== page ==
PM May not taking Brexit concerns seriously, warns SF's McGuinness
Deputy First Minister Martin McGuinness has said he doesn't trust the Secretary of State to deliver a good deal from Brexit.
He made his remarks at a summit which brought business and political leaders to Londonderry.
The event centred on laying down forecasts for the economic future for Northern Ireland post-Brexit.
Mr McGuinness said the Executive is determined to deliver new and better jobs for the region - but questioned James Brokenshire's role in the EU exit negotiations.
He added: "The Executive is committed to delivering for all because, without a strong economy, you cannot tackle deprivation, you cannot deliver the health and social care people need, you cannot improve quality of life and you cannot deliver real social change.
"During this mandate we will invest an additional £1billion in our health service, protect household budgets, support the most vulnerable in society, enhance our reputation internationally and implement the Fresh Start Agreement.
"We all want an economy that works for everyone, providing good jobs and the opportunity for our people to possess the skills they need to improve their lives.
"To do this we must be competitive. That won't mean we will become one of the biggest economies in the world but it does mean we will have a well-justified reputation as one of the world's most dynamic, innovative and high-performing small advanced economies.
"Although we can't manage factors beyond our control, we must use every lever possible to mitigate the consequences and support people."
Mr McGuinness told the Northern Ireland Economic Conference that in order to get the best deal for people here out of the Brexit negotiations by the Government, he would not leave it in the hands of Mr Brokenshire.
He added: "I will be travelling to London to meet the British Prime Minister, as well as the First Ministers of Scotland and Wales, to ascertain whether this British Government knows what it is doing over Brexit.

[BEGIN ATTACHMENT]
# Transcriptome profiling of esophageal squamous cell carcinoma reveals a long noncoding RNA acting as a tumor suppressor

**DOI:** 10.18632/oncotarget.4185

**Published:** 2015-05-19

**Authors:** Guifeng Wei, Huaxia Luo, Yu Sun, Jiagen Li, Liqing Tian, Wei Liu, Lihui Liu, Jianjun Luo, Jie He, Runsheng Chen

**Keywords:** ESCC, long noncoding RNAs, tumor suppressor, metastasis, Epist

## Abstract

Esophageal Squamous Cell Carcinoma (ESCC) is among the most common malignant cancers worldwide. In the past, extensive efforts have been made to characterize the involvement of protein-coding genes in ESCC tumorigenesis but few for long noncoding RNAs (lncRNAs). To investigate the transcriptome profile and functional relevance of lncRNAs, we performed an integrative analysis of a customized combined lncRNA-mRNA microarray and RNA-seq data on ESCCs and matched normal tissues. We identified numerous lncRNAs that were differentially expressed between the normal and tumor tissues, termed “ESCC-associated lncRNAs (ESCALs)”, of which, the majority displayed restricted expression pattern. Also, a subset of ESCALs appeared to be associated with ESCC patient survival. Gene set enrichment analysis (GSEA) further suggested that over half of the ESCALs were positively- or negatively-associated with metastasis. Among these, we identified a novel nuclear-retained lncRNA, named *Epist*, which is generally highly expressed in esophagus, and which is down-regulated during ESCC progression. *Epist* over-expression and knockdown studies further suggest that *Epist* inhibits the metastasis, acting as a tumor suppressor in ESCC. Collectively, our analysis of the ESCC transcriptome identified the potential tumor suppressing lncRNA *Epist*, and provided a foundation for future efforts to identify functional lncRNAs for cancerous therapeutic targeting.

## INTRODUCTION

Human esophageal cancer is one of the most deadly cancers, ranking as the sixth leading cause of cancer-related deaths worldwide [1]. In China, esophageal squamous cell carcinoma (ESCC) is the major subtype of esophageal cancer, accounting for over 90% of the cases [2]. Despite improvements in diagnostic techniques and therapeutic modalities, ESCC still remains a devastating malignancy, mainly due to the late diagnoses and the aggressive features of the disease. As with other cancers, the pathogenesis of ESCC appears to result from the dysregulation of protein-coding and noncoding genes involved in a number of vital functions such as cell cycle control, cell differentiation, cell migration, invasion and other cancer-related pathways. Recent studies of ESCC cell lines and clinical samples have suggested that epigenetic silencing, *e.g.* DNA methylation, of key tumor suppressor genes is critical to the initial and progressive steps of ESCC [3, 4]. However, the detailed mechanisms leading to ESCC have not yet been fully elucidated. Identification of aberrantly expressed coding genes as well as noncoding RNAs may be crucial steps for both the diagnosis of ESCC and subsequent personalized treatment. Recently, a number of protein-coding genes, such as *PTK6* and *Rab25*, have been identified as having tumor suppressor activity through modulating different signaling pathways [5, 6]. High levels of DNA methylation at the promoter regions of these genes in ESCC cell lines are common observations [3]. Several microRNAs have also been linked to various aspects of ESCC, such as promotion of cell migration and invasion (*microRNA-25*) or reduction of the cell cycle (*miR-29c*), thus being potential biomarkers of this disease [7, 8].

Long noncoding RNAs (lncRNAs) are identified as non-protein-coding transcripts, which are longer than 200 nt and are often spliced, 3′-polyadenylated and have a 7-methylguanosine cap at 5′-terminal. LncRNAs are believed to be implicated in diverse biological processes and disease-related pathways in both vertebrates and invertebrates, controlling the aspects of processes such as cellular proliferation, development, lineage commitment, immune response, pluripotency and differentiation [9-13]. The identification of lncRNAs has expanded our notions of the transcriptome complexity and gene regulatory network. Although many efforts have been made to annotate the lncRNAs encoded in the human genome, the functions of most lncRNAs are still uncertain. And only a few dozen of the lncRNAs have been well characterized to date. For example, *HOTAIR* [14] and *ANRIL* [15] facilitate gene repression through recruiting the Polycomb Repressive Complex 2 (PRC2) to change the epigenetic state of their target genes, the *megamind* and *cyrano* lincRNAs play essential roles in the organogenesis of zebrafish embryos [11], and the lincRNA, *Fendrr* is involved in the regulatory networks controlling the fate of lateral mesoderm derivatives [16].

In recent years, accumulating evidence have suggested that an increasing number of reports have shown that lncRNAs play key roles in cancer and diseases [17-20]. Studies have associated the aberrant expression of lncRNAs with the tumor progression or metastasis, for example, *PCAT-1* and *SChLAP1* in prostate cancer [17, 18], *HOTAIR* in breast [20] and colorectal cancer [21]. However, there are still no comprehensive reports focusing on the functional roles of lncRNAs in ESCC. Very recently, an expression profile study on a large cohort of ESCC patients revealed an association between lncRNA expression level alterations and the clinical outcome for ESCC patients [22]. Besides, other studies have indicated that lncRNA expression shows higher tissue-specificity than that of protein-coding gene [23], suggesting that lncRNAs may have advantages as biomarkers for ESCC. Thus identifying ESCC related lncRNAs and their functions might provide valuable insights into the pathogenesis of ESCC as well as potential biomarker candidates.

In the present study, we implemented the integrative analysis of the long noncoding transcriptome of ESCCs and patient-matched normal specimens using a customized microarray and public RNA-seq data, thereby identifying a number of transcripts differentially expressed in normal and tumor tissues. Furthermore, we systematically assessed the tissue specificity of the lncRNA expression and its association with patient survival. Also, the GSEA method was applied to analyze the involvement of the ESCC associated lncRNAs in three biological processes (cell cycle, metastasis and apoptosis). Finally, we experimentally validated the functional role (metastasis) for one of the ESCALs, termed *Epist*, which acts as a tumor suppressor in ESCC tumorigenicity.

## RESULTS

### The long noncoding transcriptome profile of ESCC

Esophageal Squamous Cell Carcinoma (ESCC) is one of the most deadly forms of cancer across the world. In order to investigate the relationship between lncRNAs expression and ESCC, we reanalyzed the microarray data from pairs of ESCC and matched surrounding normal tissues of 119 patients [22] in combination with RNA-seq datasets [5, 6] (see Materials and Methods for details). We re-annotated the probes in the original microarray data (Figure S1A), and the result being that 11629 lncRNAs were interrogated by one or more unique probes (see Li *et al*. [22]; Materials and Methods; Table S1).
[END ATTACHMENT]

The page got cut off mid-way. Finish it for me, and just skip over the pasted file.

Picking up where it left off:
"Key areas of concern were identified in the joint letter from Arlene Foster and myself, and the question is whether the British Government is taking those seriously, and the answer is I don't think so. "I don't trust this British Government to negotiate on our behalf. They don't have the best interests of the people of the North at heart.
"And despite what James Brokenshire may say, he will not be my representative at those negotiations. That is the responsibility of elected representatives here."
Former Taoiseach Bertie Ahern was among the guest speakers at the conference.
He commented: "European Union financial support has played, and continues to play, an important role in developing the economy of Northern Ireland. Many Government agencies, public bodies, private sector companies and the farming community continue to receive EU funding.
"We all recognise the Brexit negotiation will be difficult. The EU has never faced in its history as complex an exercise as the forthcoming negotiations but, with political goodwill to succeed and with a mutual respect for one another, agreement can and must be reached."
"It is certainly for the mutual benefit of both Britain and Europe that this is the case, and the interests of all the people on the island of Ireland must be protected during this negotiating process," Mr Ahern added.